Story by Sally Henry
Photos by A’riel Tinter
What do you do when called to write a play about a silent retreat? Do you strip yourself of the ability to use words – your most powerful, well-trained tool — or do you sacrifice the objective and let your characters break the given circumstances of the world within a few pages? This is the conundrum Bess Wohl found herself up against when she set out to write Small Mouth Sounds.
“It was a very long process to try to figure out the exact answer to that question,” Wohl says. “My first draft of the play actually had a lot of dialogue in it. I set up the rules of the world as, ‘We’re going to be in silence,’ and because I am a playwright, and I like talking, I let the characters break the rules immediately. So within three pages, everyone was chatting.”
A friend of Wohl’s encouraged her to meet her own challenge of limiting dialogue, so in a complete 180 rewrite, the next draft of the piece had no talking at all. But even then, Small Mouth Sounds felt flawed to her.
“When I put that on its feet with some actors,” shares the playwright, “it became clear that there were moments where the situation really called for somebody to speak, and you felt that a real person would say something in this moment even if they had taken a vow of silence. But the silence felt sort of imposed by the writer rather than what would organically be truthful to the moment.”
Having experienced silent retreats herself — the first under false pretenses — Wohl knows what that moment can truly be like.
“My first silent retreat was with a close friend of mine who sort of dragged me there. The first night that I was there, I realized that we were actually going to be in silence, and I had brought a few bottles of wine, some snacks… I just had the totally wrong idea of what I was walking into.” Misunderstanding aside, the wheels in her playwright brain immediately began turning. “I pretty quickly thought that this was an interesting place for a play because so much of theatre is about need and transformation, and the reason that people come to these retreats is because they need to be transformed in some way.”
She also realized that theatre audiences are already on their own silent retreat of sorts and therefore provide the ultimate last piece to her puzzle.
“For me, one happy discovery working on this play was realizing how theatre audience members are participants in a sort of silent retreat together in that they’re called into a space together and asked to observe silence together. Sometimes they do, and sometimes they don’t, just like the characters in my play,” she points out. “I was really interested in including the audience as the last piece of the puzzle and having them feel like they are on this retreat with the characters in the play. So, by the end of the play, they too have had some kind of spiritual experience of being in silence together.”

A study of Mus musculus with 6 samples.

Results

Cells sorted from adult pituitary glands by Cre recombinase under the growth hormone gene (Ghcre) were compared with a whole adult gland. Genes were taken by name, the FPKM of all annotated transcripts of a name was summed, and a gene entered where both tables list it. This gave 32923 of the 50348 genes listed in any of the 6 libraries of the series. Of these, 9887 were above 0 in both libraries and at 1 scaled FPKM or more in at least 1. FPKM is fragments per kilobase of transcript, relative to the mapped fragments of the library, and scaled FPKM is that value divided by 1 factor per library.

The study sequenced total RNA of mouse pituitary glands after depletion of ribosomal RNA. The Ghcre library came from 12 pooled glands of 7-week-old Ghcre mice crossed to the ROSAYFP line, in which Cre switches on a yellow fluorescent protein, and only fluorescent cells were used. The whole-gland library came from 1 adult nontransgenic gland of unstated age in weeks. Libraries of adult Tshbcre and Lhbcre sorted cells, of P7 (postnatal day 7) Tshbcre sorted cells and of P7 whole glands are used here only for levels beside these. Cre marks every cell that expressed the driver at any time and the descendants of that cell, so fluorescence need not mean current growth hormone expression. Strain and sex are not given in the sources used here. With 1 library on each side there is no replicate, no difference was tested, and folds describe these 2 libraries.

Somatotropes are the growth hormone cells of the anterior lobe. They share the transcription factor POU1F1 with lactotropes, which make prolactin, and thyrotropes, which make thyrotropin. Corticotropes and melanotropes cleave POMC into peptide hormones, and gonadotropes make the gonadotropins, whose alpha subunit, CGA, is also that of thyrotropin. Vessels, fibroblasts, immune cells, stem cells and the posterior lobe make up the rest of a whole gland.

Not only do audience members and characters have a spiritual experience, but Small Mouth Sounds has taken Wohl herself on a journey of intense personal growth.
“Honestly, one of the reasons I was interested in writing this play was to try to challenge myself to sit with silence in my work and in my life,” she shares.
“Can you pause and be brave enough to be in silence and not have to fill every moment with some kind of noise? I definitely found myself as I wrote the play and experienced rehearsals of the play struggling with the questions, ‘Can I live with my feelings of anxiety or boredom or itchiness or need to please the audience in some traditional way that I’ve seen before? Can I stay with the uncomfortable feelings and see if there’s something beyond that that would lead to making something that feels different?’”
Wohl’s posture of questioning and exploring has allowed her to keep learning about her own piece from everyone who produces it.
“If I knew what I was writing about when I started, I don’t know if I would need to write it,” Wohl admits. “But the writing process and the process of sharing it is really an exploration. It’s a process of discovery.”
This process of discovery encompasses even the audience, from whom Wohl says she learns the most.
“I always find, in a wonderful way, that the audience teaches me really what the play was about all along, and I really don’t know until then. But also, people have such different reactions and experiences, and that’s really the beauty of making something: for people to come and teach you. That’s the last piece of the puzzle, and it’s always really a revelation for me.”
Small Mouth Sounds runs October 4-27. Click here to purchase discounted tickets from $12.50-$22.50.